Cell Phones in Classrooms

The following post (video… but I don’t know why it is a video) popped up on Facebook this morning. To me it is a troublesome video. The topic isn’t troublesome, but the intent of the post is troublesome. It perpetuates an anti-democratic, corporate, and demeaning view of teaching and schooling.


What does this teach children? It doesn’t teach them that they are responsible human beings. It doesn’t teach them that they can participate in decision-making. It doesn’t teach them about participating in a democracy.

If kids are using cell phones in class, it is a symptom of a problem or set of problems. I suspect that there are several problems at play: (a) school is boring, meaningless, and/or irrelevant, (b) there are issues with contemporary life with which they are trying to cope, (c) they are feeling isolated…. among others. Addressing the real problems should be a priority, but teachers are forced into thinking that they have to cover the very content that is boring, meaningless, and irrelevant.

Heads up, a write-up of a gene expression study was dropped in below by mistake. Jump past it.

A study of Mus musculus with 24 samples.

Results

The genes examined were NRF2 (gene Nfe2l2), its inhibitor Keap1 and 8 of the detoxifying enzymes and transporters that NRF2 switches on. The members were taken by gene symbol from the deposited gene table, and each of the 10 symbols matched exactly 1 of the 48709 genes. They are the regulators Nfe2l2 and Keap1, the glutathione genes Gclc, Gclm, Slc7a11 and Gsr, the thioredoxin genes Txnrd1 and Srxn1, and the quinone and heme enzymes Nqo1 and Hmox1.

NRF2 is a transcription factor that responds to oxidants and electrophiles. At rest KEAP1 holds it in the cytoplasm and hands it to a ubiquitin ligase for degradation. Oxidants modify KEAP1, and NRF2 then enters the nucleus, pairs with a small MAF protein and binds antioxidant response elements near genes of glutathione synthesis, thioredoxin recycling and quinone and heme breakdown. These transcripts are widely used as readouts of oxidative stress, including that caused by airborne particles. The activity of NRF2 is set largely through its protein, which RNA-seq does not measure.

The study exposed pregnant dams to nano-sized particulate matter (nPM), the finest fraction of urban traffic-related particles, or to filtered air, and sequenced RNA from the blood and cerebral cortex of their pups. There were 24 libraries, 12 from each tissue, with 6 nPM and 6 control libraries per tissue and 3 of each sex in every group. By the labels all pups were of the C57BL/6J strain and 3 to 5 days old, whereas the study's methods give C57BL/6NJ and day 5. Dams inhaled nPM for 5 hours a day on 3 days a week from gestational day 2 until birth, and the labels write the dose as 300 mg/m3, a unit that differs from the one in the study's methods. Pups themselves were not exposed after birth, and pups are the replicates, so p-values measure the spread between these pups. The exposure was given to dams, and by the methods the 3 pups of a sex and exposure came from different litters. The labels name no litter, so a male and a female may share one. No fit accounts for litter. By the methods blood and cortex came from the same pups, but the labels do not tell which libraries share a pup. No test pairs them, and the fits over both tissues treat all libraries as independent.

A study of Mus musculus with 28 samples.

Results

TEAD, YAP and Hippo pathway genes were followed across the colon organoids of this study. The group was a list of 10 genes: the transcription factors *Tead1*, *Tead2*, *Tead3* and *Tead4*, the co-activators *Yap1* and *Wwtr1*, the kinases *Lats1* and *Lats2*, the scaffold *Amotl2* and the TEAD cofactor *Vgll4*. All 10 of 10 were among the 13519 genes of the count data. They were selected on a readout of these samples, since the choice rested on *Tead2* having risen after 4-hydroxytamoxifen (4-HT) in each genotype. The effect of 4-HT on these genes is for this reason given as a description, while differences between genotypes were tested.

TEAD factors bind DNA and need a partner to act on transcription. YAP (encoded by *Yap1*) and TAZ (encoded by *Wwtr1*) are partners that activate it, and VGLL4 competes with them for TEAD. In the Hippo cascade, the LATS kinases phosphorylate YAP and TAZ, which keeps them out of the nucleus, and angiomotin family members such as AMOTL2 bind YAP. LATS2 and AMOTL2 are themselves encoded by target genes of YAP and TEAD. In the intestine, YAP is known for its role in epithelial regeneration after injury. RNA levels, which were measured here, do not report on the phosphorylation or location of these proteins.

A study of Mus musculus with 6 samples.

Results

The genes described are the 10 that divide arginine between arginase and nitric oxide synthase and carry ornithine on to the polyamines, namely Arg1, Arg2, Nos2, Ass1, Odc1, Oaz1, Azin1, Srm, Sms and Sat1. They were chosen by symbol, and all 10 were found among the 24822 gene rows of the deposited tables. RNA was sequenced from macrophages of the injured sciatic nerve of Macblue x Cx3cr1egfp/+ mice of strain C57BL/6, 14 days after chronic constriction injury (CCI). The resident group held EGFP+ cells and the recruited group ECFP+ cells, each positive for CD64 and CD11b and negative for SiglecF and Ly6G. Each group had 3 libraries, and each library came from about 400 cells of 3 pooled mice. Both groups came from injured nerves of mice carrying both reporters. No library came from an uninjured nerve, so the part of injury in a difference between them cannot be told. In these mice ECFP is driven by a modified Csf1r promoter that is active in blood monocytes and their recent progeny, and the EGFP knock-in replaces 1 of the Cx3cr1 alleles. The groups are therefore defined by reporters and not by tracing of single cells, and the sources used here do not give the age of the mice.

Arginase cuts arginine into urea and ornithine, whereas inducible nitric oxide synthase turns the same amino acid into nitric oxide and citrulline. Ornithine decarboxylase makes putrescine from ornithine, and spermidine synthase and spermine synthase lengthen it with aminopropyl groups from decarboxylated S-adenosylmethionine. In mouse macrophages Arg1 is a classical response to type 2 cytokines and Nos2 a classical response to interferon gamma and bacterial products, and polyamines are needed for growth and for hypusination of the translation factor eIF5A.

If one wants to address the problems in ways that will have a lasting effect on children, then children have to be involved in the process. The whole class should be involved in discussing the nature and extent of this problem. They could extend this process to doing research on how cell phones are being used by others outside of school. Then, they could discuss strategies for addressing the problem and make decisions on what actions to take. Afterwards, they could write up their research and an analysis of the actions and publish it somewhere (newspaper, website, journal, magazine — they could decide).

SO, what would children learn from this process?

About Jeff Bloom

I'm a Researcher with and am on the Advisory Board of the International Bateson Institute and am a professor emeritus with the Department of Teaching & Learning, College of Education, Northern Arizona University.